So much indie music and so little time!
Yes, it seems over the past few years, the influx of British indie music has swelled from just a small pool of rising bands to an entire swamp of hopeful up-and-comers. Everywhere you look, new groups are springing up, spreading their 'catchy tunes' across the globe and filling every Festival and venue with their wishy-washy, take-it-or-leave-it material. It's got to the point where indie no longer means 'independent' or 'do it yourself' but instead is now just an adjective to tie on to any band with simple melodies and a few guitars.
So with that in mind, we dive head first into Two Door Cinema Club's début album Tourist History. Is it indie music? Well, yes in the sense that it's catchy, mostly characterless music; but what else does it offer?
Shiny production, youthful vocals, pure pop sensibilities, danceable melodies, radio appeal, a hint of electro, no real emotion to speak of and a nice big red cherry of simplicity to top things off. Is this indie music? Real, bona-fide independent music? Honestly, it's not even close.
Tourist History is a commendable attempt at appeasing the under-thirties demographic who now, instead of adorning tracksuits and caps, typically seem to find tight skinny jeans and plimsolls a lot more appealing. The once 'chavs' of the nation have gone soft, growing their hair out and citing Muse or The Maccabees as the 'kings of music'. They've moved embarrassingly away from the Garage of the nineties and are now attempting to fit in with the new guitar-craze of the last decade (whilst still somehow managing to fit N-Dubz into their ten favourite bands of recent times). Just pop over to your local town-centre now and count the kids in fluorescent-coloured hoodies and diaphragm-choking denim. Anyway, back to the music, ahem.
What we have here is just over half-an-hour of passable electro-'indie'-pop, distilled down into one smooth, inoffensive ride with barely a single moment of genuine inspiration anywhere. It's by no means a terrible or untenable record, it's just completely dead behind the eyes. Intro track "Cigarettes In The Theatre" displays exactly what you shall be experiencing for the next thirty minutes and that's about it. Quick guitars, foot-tapping drums, adolescent vocals and a brief injection of blips and bleeps. What comes next you wonder? That'll be quick guitars, foot-tapping drums, blips, bleeps, oh and a big danceable chorus too. Repetition follows frustrating repetition and it's here that we begin to wonder why the band even tried at all.
Again and again we experience the same thing, differing only in timing and maybe, possibly, a vague shift in structure if you're lucky enough. It seems as if we're being overly nasty to the threesome but what we're trying to highlight is how fed up we all are of the generic safe-route that a growing amount of bands seem to be taking nowadays. Where's the passion? The raw emotion; be it aggression or remorse? Isn't that what music is all about? Displaying and sharing your views, feelings and compassion for your work with others? You've been given a pedestal and a rare chance to actually take part in the wonderful medium of music so why ruin it with insipid mediocrity and meandering nonsense such as this?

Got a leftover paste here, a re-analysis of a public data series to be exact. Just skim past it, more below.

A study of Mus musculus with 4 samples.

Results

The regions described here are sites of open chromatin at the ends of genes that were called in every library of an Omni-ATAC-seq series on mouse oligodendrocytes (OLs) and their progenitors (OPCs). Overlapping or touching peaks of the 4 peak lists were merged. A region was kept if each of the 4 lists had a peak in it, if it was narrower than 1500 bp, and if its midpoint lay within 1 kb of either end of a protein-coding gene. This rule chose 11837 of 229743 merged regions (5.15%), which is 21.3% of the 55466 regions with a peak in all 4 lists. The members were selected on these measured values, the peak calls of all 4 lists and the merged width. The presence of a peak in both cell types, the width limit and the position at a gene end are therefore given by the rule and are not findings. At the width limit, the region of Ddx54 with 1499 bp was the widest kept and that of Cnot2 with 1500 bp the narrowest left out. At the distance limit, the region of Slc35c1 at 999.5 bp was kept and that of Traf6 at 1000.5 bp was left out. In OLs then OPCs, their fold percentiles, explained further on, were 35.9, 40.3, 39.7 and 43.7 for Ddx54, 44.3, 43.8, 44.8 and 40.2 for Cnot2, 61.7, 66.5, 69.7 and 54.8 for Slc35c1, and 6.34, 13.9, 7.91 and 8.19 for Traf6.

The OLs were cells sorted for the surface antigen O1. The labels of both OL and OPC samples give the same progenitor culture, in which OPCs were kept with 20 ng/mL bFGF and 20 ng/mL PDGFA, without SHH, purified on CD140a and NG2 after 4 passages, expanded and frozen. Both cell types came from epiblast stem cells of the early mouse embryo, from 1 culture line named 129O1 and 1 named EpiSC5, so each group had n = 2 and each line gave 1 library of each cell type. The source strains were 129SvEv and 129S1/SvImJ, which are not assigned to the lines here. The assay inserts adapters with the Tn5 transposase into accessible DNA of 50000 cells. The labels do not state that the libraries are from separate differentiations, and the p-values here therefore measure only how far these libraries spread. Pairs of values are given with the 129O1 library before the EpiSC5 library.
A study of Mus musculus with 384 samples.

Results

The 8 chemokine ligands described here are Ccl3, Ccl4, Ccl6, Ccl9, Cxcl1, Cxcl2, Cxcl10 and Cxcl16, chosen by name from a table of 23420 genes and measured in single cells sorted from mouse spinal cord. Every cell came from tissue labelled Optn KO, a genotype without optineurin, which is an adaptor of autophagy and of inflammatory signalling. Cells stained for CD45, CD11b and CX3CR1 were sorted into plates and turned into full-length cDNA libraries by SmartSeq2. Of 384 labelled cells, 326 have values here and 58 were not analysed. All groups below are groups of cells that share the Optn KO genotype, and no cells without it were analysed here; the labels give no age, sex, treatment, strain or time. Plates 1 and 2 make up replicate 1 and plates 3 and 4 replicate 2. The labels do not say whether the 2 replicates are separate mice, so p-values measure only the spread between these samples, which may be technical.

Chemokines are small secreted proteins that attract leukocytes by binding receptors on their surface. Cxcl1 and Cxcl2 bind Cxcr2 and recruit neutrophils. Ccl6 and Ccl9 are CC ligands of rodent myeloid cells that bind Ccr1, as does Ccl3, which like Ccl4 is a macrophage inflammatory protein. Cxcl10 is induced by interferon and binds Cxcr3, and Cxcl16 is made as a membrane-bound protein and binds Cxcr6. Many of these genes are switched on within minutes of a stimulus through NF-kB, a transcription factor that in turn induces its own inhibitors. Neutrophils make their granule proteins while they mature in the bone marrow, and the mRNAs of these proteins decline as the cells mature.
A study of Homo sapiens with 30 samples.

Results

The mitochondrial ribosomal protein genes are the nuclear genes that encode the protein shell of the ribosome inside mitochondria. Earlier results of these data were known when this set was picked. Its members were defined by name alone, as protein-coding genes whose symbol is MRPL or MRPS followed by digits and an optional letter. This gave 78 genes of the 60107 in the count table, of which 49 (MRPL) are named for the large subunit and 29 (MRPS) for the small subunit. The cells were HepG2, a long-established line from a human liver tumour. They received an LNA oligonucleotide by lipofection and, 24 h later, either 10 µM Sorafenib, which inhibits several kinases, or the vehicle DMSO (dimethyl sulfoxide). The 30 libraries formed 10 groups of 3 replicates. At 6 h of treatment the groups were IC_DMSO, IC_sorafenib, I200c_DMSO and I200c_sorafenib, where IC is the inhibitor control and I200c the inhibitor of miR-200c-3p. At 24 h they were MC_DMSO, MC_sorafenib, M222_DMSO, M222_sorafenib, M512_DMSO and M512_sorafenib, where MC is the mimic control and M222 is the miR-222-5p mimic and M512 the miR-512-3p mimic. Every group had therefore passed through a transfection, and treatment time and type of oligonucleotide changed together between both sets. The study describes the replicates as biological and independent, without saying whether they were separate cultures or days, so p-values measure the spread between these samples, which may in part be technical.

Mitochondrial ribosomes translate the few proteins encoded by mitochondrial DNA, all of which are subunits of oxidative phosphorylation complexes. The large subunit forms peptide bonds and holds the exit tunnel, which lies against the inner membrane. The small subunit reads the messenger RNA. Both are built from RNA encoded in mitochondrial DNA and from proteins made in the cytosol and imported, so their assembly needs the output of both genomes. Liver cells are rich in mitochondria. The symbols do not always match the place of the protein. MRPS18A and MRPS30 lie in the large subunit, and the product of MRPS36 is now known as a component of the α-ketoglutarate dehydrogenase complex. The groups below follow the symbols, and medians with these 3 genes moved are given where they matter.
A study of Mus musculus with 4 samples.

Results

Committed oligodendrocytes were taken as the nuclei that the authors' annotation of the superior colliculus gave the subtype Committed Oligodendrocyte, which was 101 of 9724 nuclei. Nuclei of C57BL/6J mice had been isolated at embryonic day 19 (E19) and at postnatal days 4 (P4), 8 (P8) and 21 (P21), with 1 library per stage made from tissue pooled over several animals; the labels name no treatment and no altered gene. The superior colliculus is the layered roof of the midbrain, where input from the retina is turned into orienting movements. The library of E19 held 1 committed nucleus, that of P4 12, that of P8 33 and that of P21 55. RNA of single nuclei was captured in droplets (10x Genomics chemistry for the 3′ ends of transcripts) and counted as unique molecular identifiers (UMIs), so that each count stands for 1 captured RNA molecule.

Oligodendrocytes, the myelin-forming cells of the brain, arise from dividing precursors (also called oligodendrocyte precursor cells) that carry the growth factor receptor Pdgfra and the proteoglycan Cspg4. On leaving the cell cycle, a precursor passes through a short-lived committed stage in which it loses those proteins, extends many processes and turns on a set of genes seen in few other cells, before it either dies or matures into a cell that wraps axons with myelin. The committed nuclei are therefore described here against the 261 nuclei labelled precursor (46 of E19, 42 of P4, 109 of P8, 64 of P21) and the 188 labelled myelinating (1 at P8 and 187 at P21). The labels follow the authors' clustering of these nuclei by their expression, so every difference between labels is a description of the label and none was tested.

This isn't music, this is just a product; a commercialisation and blatant exploitation of the fact that today's youth want nothing more than to be pacified by something that isn't too trying. "We can't get pissed and dance like a bunch of pratts to The Smiths so give us something easy, something simple with a catchy beat and a pounding bass".
Now, whilst we let our blood-pressure drop a bit, we'll finish with this. What you take from Two Door Cinema Club's début all comes down to who you are. It's a fantastic album filled with hit upon hit if you're looking for nothing more than a brief injection of danceable, happy-go-lucky University bar music; it's a mediocre attempt at electro-pop if you're someone who wants something forgettable on in the background whilst they do their work and it's an utterly abysmal attempt at music making if you're anyone else.
Opinionated we may be, but as we move on into 2010, we're tired of being force fed what we're told is new and 'all the rage'. It's time we made up our own minds, wouldn't you agree?
And on that note we've decided to leave the rating down to you.